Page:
Charles Albert George “Jack” Russell (erroneously written during his playing career as Albert Charles Russell) (7 October 1887, Leyton, Essex, England – 23 March 1961, Whipps Cross, Leytonstone, Essex, England) was one of the leading batsmen in county cricket during the period after World War I. Russell’s main strength was his leg-side play, but he was a sound batsmen whose watchfulness made him effective on very difficult pitches.
A son of Essex’s first regular wicket-keeper and a cousin of Kent bowler Tich Freeman, Russell first played for Essex in 1908 but did not establish himself until 1913. In that year he reached 1,000 runs and repeated this for the next three years, but it was only a knock of 197 against Middlesex at Lord’s in 1920 that elevated Russell to the rank of a top-class batsman. His 2,432 runs was third-highest in the country behind Hobbs and Hendren and he was an automatic choice for that winter’s Ashes tour. Though the failure of England’s professional bowling on the rock-hard Australian wickets meant England lost all five Tests, Russell did well with an average of 58.42 for all matches, including 135 at Adelaide. His batting the following year was even better than in 1920, scoring two centuries.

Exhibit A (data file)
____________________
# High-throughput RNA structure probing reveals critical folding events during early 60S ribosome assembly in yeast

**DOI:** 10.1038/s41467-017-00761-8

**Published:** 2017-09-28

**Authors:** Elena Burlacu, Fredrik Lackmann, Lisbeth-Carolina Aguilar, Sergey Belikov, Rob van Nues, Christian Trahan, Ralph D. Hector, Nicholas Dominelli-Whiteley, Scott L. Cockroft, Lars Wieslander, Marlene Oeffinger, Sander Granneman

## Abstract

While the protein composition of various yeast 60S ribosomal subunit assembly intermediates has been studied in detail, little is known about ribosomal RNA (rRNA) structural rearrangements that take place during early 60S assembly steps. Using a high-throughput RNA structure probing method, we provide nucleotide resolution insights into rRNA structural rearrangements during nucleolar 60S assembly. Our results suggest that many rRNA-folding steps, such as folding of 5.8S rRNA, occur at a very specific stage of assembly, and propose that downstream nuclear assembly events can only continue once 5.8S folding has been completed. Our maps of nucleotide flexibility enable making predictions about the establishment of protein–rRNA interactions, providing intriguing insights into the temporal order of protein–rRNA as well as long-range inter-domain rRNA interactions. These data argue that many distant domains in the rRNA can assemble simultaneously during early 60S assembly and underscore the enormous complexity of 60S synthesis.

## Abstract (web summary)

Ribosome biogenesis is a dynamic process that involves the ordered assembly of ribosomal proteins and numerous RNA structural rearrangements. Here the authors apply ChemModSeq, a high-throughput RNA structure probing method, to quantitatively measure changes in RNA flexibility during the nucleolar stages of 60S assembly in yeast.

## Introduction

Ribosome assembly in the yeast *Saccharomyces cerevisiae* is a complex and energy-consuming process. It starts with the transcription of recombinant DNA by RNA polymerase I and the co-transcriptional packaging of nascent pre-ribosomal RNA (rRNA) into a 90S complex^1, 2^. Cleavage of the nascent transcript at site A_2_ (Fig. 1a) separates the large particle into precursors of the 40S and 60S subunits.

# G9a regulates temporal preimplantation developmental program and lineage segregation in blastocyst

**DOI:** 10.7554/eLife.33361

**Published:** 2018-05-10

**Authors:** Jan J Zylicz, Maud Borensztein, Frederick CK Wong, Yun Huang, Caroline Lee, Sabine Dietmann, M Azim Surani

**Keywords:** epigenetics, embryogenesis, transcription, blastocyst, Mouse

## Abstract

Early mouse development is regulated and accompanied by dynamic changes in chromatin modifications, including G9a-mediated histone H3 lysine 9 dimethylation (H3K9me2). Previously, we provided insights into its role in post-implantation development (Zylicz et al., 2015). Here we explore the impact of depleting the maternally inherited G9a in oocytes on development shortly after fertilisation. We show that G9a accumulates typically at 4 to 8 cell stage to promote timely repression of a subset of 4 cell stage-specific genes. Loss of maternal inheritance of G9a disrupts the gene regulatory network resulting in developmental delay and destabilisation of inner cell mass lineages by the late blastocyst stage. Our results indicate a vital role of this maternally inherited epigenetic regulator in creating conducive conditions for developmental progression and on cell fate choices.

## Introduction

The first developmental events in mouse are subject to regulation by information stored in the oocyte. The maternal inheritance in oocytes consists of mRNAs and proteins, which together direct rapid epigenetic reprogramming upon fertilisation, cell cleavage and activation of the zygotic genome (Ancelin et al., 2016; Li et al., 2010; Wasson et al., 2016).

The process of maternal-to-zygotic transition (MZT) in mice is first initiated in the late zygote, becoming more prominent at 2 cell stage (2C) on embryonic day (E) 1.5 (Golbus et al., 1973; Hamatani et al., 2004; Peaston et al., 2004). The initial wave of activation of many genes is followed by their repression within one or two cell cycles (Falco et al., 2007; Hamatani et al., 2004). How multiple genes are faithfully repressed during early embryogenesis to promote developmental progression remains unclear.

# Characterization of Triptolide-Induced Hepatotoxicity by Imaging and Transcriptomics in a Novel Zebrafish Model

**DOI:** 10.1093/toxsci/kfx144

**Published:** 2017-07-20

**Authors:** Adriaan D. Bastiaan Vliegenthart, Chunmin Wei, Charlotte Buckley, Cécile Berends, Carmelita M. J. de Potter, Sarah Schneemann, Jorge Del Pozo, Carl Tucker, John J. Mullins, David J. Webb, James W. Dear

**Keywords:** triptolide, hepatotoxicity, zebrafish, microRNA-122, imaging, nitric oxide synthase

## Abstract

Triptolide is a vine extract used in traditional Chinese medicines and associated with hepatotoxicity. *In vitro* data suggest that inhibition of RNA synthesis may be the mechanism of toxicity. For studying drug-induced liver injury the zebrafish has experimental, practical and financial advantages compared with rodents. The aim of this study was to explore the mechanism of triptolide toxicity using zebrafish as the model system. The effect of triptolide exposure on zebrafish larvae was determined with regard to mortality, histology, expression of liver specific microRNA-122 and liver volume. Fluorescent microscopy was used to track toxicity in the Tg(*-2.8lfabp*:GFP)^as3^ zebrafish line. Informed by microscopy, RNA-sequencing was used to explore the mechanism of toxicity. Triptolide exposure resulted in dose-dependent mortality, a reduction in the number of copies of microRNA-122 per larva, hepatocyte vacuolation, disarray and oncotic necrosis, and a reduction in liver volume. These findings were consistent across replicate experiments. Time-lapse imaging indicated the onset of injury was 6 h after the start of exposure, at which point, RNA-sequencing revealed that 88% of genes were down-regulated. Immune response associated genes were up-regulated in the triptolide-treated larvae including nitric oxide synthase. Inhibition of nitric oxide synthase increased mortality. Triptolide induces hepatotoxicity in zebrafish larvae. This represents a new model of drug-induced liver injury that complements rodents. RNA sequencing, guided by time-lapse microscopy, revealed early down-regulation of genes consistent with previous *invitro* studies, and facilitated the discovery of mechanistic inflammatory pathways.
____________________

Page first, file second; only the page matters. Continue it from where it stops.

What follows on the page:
1922 was Russell’s finest season: his 2,575 runs was a personal best and placed him ahead of Hobbs as the leading run-scorer in the country. He was named a Wisden Cricketer of the Year, and scored 162 at Lord’s.
That winter, Russell went to South Africa and on the biting matting pitches achieved his finest performance with 436 runs for an average of almost 63. In the last Test – which decided the series – Russell was suffering from a serious illness and, it was admitted, should not have been playing. Yet, he made 140 in the first innings and (going in late) 111 in four and a half hours in the second. He was the first batsman to score a century in both innings of the same Test match for England. He is still the only batsman to score centuries in both innings of his final Test match.
However, illness severely affected Russell’s performance in 1923: only after a rest of two weeks in late June did he recover anything like his best form, and his average fell from 52 to 29.71. This placed him out of calculations for representative honours, especially as Sutcliffe established himself as a representative player that year. Nonetheless, in 1925 Russell hit seven centuries and scored 2,080 runs, whilst in 1928 he scored 131 and 104 against Lancashire, who were County Champions for the third successive year that season.
After an injury-affected year in 1929, Russell only played one more season before retiring to become county coach and later a groundsman. In 1949, twelve years before he died, Russell was among the first professional cricketers to be given membership of the Marylebone Cricket Club (MCC).